Brooke Shields says she's been "appalled" over the years by what has been written about her mother and former manager, Teri Shields, who died this week at 79 in New York following a long illness related to dementia.
Teri Shields had been criticized for allowing Brooke, then age 11, to be cast as a prostitute in 1978's "Pretty Baby," and then a few years later permitting her teenage daughter to star in a series of sexually provocative commercials for Calvin Klein jeans where she says directly to the camera, "You want to know what comes between me and my Calvins? Nothing."
Shields tells The Hollywood Reporter that when she thinks back on her mother acting as her manager, what strikes her is “how she protected me from so much of what is devastating about being in the entertainment industry -- the rejection, the jealousy, the being screwed-over. The bubble she created around me was the biggest blessing she could have given me. The need to attack her is unnecessary.”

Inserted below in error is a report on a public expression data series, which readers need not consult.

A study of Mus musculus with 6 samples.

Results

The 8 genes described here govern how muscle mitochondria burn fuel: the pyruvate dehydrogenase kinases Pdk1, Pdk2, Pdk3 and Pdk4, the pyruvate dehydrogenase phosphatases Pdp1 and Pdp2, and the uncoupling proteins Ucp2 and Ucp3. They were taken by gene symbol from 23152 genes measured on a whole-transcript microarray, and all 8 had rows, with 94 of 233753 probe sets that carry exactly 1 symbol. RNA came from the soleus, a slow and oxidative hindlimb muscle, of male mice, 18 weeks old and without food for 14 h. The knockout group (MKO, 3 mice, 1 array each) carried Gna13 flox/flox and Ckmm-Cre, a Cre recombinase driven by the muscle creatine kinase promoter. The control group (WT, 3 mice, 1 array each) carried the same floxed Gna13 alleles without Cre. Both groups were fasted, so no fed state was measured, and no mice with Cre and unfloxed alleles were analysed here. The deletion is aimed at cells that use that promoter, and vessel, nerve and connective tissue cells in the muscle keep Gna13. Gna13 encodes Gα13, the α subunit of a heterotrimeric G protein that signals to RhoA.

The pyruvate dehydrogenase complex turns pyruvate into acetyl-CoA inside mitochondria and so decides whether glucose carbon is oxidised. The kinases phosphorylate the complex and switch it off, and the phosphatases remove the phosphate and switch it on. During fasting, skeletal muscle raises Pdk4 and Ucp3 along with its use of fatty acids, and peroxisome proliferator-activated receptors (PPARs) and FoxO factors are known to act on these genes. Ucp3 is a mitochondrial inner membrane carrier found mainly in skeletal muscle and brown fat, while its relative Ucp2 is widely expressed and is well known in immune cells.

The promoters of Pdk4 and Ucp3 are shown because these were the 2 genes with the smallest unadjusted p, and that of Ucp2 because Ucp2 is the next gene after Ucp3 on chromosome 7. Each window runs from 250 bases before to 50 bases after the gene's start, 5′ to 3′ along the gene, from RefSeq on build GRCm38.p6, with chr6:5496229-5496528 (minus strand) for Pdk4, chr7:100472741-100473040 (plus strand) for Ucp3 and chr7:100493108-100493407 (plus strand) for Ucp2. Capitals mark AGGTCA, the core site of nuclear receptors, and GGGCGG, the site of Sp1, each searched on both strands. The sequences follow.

The actress acknowledged her mother’s struggle with alcoholism and says this was the cause of her 1995 action to drop her as a manager.
“I had to leave her because of her addiction. If I had a manager now, they wouldn’t last five minutes if they were an alcoholic,” Shields says. “It was long overdue. I needed to grab the reins and make my own mistakes.”
Teri, born Theresa Anna Lillian Schmon on Aug. 11, 1933, in Newark, N.J., worked as a hairstylist, a makeup artist for Lord & Taylor and a model before marrying Brooke’s father, Francis Alexander Shields, in 1964. Brooke was born the following year; Teri and her husband divorced a few months after her birth.